THE RAW MATERIALS
Silk thread scraps left over from the making of Silk Indian Saris (traditional clothing in India) are purchased from small mills in India.
PREPARING THE SILK
The skeins of silk threads (called Fiber - literally the individual filaments of silk) are separated by color, unwrapped and laid out. Contrary to the name "recycled silk yarn", the raw materials are all new remnants left over from making saris - not used saris! While it might seem straightforward and simple to separate the various colors and qualities of silk, it can be quite tedious. Various qualities of silk (both wild and domestic), natural and synthetic dyes used and gauge of the silk has to be taken into consideration.
The skeins of silk are cut into even strips then arranged by color so that the finished yarn will have a complex set of colors. The fibers are then carded (brushed smooth and straight).
MIXING THE SILK
The various shanks of silk are mixed by hand, a long process that ensures that the colored silk fibers are evenly mixed. The length and quality of the fiber determines its texture, strength and overall quality. Superior quality recycled silk yarn is made from longer fibers - producing yarn that is smoother, stronger and more elastic. Cheaper recycled silk yarns containing shorter or a mixture of fiber lengths are softer, fuzzier and less strong. One of our best spinners is Jun Maya, pictured to the left.
TEASING THE SILK
Once the silk strands have been mixed, the raw material is hand teased by repeatedly picking and pulling at the strands. This part of the process is key to making the yarn be fun and original and yet well mixed and having the fibers aligned so the yarn will be strong. The longer the teasing process, the better quality and tighter the gauge of the yarn.
SPINNING THE YARN USING A DROP SPINDLE
The actual process of making the fibers into yarn is done the same way it has been done for centuries: by hand using a drop spindle or charka.
This stage of the recycled silk yarn is where skill really comes into play. The more skilled the spinner, the tighter, more consistent and the higher the quality of the yarn produced. The photos to the left show one of our spinners creating the silk yarn using a drop spindle. Holding the teased fiber in her left hand, she skillfully creates a consistent yarn.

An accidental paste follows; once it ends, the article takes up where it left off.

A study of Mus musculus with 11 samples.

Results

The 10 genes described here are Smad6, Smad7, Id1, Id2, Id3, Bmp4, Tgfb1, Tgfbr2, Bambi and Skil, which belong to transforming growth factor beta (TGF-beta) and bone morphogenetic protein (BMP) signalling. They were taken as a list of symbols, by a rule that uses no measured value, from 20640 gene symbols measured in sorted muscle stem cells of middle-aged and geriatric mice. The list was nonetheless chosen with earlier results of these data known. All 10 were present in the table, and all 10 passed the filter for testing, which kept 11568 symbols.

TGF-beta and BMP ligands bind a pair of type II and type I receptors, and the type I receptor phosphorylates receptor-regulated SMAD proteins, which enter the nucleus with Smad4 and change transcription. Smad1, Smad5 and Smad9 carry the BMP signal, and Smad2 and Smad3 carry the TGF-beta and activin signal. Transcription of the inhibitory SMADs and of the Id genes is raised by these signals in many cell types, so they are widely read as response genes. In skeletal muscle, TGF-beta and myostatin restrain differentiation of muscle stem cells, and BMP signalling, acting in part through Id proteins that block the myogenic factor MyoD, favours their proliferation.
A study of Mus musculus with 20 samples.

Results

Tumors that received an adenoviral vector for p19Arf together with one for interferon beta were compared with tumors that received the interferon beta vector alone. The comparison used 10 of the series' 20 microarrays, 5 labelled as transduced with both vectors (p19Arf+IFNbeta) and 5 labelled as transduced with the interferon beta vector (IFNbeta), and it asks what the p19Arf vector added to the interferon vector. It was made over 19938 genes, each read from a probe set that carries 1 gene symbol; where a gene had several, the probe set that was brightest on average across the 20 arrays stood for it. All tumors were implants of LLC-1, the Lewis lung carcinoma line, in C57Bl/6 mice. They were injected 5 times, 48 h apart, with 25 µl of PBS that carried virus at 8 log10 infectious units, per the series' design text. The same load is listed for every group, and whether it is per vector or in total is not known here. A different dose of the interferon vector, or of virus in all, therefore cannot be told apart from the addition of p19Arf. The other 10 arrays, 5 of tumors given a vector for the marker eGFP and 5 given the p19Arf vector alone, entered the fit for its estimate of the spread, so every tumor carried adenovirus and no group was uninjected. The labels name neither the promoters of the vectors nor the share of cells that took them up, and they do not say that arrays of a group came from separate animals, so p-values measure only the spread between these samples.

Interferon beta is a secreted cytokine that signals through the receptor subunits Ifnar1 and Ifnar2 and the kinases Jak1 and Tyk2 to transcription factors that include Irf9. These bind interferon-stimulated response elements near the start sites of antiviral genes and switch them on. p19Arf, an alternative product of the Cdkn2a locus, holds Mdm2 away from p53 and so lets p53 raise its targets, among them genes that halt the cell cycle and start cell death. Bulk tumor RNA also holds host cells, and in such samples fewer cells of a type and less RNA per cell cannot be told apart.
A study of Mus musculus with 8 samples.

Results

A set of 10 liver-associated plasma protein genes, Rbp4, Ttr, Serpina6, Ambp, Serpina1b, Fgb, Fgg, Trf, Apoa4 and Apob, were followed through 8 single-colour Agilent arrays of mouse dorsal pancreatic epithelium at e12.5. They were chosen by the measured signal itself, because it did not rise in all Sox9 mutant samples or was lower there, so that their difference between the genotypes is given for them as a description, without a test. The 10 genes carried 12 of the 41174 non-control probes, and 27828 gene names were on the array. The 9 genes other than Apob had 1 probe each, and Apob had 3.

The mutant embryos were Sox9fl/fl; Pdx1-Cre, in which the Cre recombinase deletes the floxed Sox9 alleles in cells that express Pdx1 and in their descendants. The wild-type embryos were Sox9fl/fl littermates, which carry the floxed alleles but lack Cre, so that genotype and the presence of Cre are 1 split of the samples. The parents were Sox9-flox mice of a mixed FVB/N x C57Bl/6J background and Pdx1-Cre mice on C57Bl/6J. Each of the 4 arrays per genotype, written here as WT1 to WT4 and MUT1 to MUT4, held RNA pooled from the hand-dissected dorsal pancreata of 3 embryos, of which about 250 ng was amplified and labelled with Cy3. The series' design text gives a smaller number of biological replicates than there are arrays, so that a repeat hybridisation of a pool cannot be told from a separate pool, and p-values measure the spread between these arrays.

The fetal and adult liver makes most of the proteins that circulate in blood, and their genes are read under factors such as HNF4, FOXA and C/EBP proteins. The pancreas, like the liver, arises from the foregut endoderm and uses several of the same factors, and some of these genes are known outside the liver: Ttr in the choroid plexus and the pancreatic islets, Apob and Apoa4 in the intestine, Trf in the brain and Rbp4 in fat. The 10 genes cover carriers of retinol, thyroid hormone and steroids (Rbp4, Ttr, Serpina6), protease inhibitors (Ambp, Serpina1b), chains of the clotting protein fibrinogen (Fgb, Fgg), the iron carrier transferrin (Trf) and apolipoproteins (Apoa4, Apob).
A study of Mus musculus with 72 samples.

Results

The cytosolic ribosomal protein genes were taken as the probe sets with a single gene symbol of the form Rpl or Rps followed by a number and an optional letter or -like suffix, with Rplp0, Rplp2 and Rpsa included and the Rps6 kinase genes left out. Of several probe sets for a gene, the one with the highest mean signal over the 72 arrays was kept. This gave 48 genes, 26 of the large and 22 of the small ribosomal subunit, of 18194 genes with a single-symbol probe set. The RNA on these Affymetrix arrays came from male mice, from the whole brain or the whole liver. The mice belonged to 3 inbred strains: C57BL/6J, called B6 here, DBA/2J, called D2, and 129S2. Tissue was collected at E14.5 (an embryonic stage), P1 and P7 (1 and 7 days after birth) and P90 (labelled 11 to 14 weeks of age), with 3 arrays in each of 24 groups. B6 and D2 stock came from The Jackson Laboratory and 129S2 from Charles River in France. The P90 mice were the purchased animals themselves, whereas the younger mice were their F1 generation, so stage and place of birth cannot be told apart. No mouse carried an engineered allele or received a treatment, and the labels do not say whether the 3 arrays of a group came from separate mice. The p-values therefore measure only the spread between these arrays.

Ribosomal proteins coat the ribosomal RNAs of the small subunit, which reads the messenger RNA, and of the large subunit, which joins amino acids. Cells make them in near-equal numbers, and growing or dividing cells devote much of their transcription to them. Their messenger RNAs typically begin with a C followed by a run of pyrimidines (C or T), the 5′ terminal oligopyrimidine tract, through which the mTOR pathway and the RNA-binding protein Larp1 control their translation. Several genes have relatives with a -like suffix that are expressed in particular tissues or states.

Note that immediately above the spindle and below her hand is the "drafting zone" or "drafting triangle". This is the area where many of the factors that affect the yarn is determined. If this triangle has more fibers in it, the yarn will be thicker, if it has fewer fibers, the yarn will be thinner. The yarn is formed when fibers enter the drafting zone and are caught by the twist that is coming up the yarn from the rotating spindle.
NOT ALL RECYCLED YARNS ARE ALIKE: We carry several grades of recycled yarn: Most are 100% silk, unless otherwise noted. However, many other sellers online actually sell lower-grade yarns that have 30% or less silk (and some that contain no silk whatsoever!) and are made up of mostly rayon, nylon or cotton fibers. We no longer offer balls - only skeins, as we've found that the consistency of skeins is better (sometimes balls would have high quality yarn on the outside and lower quality on the inside!!) We GUARANTEE the quality and content of our yarns.
MAKING THE SKEINS
After spinning the yarn, it must be made into skeins. Typically this is not done by the same artist who spun the yarn but other women working in Kathmandu, Nepal. After consistent lengths or more commonly weights of yarn are measured, the yarn is skeined. Some women use tools called niddy-noddies, the backs of chairs or as in the photo to the left, their toes, knees and or arms! The yarn is tied to keep it from tangling then it is twisted and then bagged.
Consistency in the quality of the yarn is very important. There are several grades of this wonderful recycled silk yarn from finest Lhasa (100% handpicked, best quality) to mixed yarns.